We are not that different from a tree. As an analogy, trees breathe, have branches that resemble the branches of our lungs, and have tree rings much like a “fingerprint.” The seasons provide a recurring opportunity for nature to teach us. Changes in the wind often seem to usher in the change of seasons.
Do you notice how some branches break and fall to the ground, yet others remain? Join me for a few moments of anthropomorphism, will you? I wonder if the lesson here is “that which does not bend, breaks,” adapted from Aesop’s fable “The Oak and the Reeds.” Survival may rely on flexibility.
I try to practice mindfulness in daily life–noticing what I notice cloaked in an attitude of acceptance and dignity. On a walk through a local park with a lake, I notice how the leaves on deciduous trees change. I notice how the water of the lake willingly reflects the beauty of the leaves and sky. How do we reflect the beauty around us? How do we provide mirroring for our patients? How do we cultivate reflective functioning in ourselves and in our patients?
The leaves of the tree do not all change at the same time. In fact, each leaf does not change color all at the same time or in the same way or even with the same colors.
I wonder if process by which a leaf changes color is indicative of the natural change process. This observation has shaped my expectations about change. Perhaps it may offer hope to us and our patients when we struggle with our expectation about how and how fast change occurs.
As the winds shift the season from summer to fall, I wonder about the process of how leaves fall, or how they let go. I wonder about the very first leaf that falls from a tree. Is that the brave leaf, the impulsive leaf, or the careless leaf? I wonder about the last leaf to fall or that one leaf that clutches to the branch all winter long. Is that leaf…tenacious or resistant? The falling leaves foretell the closing of the year.
As a tree lets go of its leaves, more becomes visible. The structure of the tree itself reveals itself and perhaps a nest. The adaptation of the tree becomes evident by the twists and turns of the branches over the years to reach the sunlight.
How do we help our patients adjust to the environment to get their needs met? The light that was once filtered through leaves shines more brightly. The tree may draw energy inward now that it is relieved of maintaining leaves. So many of our patient are encumbered by painful life experiences and the imprint left behind. We work with them to clear the debris, to clear a path, so that they can breathe more deeply and see more clearly.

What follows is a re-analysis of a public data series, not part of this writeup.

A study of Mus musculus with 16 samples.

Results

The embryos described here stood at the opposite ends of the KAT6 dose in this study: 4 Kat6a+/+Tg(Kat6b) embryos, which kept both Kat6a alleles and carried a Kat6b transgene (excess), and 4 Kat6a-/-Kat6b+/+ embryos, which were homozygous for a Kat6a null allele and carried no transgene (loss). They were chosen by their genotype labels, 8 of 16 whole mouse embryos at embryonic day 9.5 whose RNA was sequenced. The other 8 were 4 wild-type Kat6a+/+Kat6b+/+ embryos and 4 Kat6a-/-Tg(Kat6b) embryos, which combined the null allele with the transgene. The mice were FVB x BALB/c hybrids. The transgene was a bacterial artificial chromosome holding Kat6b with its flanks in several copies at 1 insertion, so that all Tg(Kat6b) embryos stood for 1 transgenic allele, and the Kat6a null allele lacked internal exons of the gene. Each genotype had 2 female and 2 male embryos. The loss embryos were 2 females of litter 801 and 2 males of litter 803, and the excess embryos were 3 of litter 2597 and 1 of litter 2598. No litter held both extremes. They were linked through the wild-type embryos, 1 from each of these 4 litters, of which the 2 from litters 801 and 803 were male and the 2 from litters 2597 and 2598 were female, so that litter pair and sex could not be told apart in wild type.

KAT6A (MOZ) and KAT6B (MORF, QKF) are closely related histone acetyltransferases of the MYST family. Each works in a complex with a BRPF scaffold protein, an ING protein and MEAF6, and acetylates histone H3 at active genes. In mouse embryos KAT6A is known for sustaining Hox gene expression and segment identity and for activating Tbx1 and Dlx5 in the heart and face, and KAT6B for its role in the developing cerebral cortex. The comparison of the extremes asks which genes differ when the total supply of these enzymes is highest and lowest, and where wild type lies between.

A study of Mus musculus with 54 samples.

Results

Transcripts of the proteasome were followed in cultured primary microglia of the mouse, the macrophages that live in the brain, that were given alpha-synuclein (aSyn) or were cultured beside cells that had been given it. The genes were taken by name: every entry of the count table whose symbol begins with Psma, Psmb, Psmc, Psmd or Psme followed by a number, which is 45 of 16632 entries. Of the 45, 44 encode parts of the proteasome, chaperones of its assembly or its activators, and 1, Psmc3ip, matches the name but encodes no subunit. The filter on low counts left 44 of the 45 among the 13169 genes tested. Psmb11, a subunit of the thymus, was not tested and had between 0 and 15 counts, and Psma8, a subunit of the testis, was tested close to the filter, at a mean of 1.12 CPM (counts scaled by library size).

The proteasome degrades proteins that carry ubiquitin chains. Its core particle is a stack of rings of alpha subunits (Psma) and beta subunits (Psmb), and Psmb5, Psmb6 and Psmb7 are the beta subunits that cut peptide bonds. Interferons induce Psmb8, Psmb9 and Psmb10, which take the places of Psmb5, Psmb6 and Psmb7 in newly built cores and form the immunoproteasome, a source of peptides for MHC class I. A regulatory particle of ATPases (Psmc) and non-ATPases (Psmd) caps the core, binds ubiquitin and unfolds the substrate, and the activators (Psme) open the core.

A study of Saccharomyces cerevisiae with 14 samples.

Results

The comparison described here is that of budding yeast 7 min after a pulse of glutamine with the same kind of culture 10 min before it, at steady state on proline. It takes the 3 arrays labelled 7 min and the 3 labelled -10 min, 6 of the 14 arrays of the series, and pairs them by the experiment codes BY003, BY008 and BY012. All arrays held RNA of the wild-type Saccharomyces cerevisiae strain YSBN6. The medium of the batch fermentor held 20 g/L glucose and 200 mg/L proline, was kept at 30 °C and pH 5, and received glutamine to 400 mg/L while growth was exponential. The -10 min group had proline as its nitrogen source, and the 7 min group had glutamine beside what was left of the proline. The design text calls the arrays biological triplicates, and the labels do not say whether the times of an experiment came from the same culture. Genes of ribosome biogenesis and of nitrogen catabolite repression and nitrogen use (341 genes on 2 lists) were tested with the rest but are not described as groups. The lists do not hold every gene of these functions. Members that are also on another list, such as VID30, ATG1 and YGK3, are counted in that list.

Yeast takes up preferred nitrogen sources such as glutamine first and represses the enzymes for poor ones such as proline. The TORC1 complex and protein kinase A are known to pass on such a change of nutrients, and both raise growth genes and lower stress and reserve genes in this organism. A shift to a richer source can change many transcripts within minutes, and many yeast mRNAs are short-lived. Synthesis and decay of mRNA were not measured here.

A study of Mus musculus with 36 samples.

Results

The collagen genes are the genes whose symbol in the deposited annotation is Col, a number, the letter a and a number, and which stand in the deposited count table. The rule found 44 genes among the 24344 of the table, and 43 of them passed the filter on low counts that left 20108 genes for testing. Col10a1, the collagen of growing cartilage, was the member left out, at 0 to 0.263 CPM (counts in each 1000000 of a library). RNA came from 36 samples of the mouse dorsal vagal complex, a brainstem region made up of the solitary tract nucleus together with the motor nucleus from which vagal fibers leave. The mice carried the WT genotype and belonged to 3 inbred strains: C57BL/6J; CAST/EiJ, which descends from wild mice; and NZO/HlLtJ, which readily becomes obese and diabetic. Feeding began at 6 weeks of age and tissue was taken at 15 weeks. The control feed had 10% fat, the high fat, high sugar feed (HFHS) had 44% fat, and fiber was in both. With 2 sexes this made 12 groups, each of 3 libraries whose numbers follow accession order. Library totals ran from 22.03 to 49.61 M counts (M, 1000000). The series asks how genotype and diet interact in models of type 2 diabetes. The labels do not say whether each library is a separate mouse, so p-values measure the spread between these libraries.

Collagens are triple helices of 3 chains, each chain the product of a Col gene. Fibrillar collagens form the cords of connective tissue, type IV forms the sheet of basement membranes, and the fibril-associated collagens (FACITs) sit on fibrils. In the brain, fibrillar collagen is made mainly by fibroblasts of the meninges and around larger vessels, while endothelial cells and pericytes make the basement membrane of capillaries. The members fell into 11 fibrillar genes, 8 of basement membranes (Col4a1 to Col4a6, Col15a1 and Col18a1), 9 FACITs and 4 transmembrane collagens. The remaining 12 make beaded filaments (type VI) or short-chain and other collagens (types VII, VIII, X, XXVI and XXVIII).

The tree, much like its human counterparts, exists in an environment which creates conditions that affect the unfolding of natural processes. For example, the amount of rain and the temperatures affect how soon, for how long, and how vibrant the changing of the leaves may be.
Each year is different, even though it is the same tree, bound in the same spot. I wonder about the impact of climate change on the character of the seasons. How might the elements of climate change conspire to mute the beauty deciduous trees promise?
There is a sense of security in the rhythm and ritual of the change of the season which climate change may disrupt. How might we respond to mitigate the impact of the disruption? Often in our work with patients we are encouraging them to balance acceptance and change. We work with them to hold the multiple truths, seemingly contradictory in nature and reluctant to reconcile.
Often our work with our patients involves witnessing them to become who they truly are relieved of the need for external validation. Each tree stands in its own glory without comparing itself to the other trees while embracing its contribution to the landscape. This becoming is a lifelong process where the trees remind us, each year, of the beauty of letting go, drawing inward, and renewing.
Dr. Mouratidis is a licensed clinical psychologist and a full tenured professor of psychology.